Resilient Civil Society and Development

Publication Year : 2020

Government and markets failures are well-recognized phenomena where neither of the institutions can deliver growth and development. The policy literature is rife with solutions to address market and government failures though strongly assuming that the general masses, the non-governmental organizations/activists, and the government bodies always work toward a common interest. This may not be the case for obvious reasons!

In fact, such groups can be predisposed to the problems of coordination failure, information asymmetry and inequality concerns; hence limiting their capability to correct market and government failures. Thus, the policy discourse demands the rise of civil society and its active interaction with government and markets to resolve such failures. In the absence of a vibrant civil society, government policies and programs are susceptible to capture and corruption.

Civil society is comprised of organized social activities that occurs in groups formed outside the family, market and the state. Such activities create a public sphere outside the state in which individuals and groups engage in discourse of public concern, expected to generate social cohesion, courtesy, and integrity. It institutionalizes problem-solving debates on questions of general interest, inside the context of organized public spheres. This is done in such a way that enables citizens to bring important matters to the public agenda, to protect civil liberties, and to provide for an effective shared voice in modern-day socio-political life.

A World Bank report[a] reviews nearly 500 studies of participatory development interventions in developing countries, and sheds light on questions such as; how to increase government accountability and reduce capture and corruption in policies and programs? It is reported that the outcomes of an intervention are highly dependent on; the context, the geography, history, the type of political systems, the networks, and social interactions. All communities have different stock of social capital, so the idea to easily harness it is naïve. Most often the actors at the local level have superior information and locational advantage, which can be used for the betterment of the underprivileged only when local formal and informal institutions are robust. In the absence of a supportive state, decision making is captured by elites who control and use the local cooperative infrastructure in their own favor, resulting in a high risk of corruption.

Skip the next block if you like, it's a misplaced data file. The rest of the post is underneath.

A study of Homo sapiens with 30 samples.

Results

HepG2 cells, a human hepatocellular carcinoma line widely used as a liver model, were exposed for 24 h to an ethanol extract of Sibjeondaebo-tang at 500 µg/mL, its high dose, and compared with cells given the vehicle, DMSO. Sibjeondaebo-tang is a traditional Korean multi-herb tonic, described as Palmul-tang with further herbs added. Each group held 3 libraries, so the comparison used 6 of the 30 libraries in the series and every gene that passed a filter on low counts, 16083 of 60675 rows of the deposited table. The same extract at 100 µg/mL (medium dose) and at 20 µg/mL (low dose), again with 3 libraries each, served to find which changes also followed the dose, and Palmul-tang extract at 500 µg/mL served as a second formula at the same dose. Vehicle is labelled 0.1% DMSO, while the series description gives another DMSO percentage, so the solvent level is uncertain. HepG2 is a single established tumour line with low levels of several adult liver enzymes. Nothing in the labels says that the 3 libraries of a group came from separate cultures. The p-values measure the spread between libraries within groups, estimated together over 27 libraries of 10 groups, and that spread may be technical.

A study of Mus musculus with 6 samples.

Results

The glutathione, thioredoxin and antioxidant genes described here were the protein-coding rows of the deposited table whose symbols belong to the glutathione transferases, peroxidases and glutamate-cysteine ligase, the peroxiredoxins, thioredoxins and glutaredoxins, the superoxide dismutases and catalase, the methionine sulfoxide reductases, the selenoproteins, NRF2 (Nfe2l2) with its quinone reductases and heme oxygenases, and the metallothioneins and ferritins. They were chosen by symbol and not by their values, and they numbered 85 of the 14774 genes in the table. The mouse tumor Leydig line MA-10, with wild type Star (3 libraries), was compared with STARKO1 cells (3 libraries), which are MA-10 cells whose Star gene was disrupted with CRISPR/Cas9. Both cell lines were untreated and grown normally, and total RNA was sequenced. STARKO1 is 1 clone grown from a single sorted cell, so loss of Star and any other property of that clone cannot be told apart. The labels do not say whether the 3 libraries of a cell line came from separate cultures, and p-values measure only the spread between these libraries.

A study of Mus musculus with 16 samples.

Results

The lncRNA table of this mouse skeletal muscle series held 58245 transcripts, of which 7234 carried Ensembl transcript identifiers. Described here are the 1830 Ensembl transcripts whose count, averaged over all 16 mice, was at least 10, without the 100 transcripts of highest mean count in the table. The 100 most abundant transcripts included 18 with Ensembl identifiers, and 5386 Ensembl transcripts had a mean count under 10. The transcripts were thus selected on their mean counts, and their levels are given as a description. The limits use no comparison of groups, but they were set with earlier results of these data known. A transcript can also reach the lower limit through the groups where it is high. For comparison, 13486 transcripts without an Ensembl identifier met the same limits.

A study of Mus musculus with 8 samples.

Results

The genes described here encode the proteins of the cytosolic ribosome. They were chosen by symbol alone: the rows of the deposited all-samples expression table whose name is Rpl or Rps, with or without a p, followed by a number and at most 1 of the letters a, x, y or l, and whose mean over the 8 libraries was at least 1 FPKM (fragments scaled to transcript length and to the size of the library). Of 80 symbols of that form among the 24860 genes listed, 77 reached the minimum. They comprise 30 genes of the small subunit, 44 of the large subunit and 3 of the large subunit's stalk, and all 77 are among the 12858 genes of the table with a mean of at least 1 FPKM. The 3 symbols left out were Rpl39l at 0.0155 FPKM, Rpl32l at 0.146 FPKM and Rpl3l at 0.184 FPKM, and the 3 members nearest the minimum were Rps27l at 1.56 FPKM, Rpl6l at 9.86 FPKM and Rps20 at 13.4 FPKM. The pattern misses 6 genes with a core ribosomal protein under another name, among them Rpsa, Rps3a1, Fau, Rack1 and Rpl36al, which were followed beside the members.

Traditionally, the state is viewed as a benevolent actor, however, the contemporary political economy approaches spoke that the state may pursue its own interests that may not be in line with the interests of the masses, classically referred to as Principal-Agent problem. The incumbent government may pursue clientelist policies beneficial to a certain subgroup, resulting in state capture. Most often, these policies are enacted in isolation without furthering institutionalized policy debates on questions of national interest. Given this, its’ easy for states’ representatives to blame capture in the absence of effective oversight and accountability. As a result, the underprivileged class having poor access to speak their political rights, the wealthy elites are the direct beneficiaries, hampering growth and development.

For example, a report quoting Dr Hafiz Pasha spells out that the elite capture in the country is nearly 2.6 percent of the GDP, approx. PKR 860 billion. The interest groups are facilitated through the Statutory Regulatory Orders (SROs) which are decided outside the budgetary framework. The phenomenon is even discussed in international context where most recently Jeffrey D. Sachs, a professor at Columbia University, wrote about the capture of global mining companies stating “Thanks to the World Bank’s flawed and corrupt investment arbitration process, the rich are making a fortune at the expense of poor countries. The latest shakedown is a $5.9 billion award against Pakistan’s government in favor of two global mining companies for an illegal project that was never approved or carried out”.[1]

These facts trumpet for active participation of the civil society to guard nations’ domestic and international interests. For this to happen, serious efforts are needed to promote policy debates of national interest in organized public spheres with supplemented efforts from the following players including; the effective judicial oversight; the independent planning and audit agencies, promotion of the right to information and most importantly vibrant media and civil society.

[a] Smoke, P., Loffler, G., & Bosi, G. (2013). The role of decentralization/devolution in improving development outcomes at the local level: Review of the literature and selected cases. DFID & Local Development International LLC.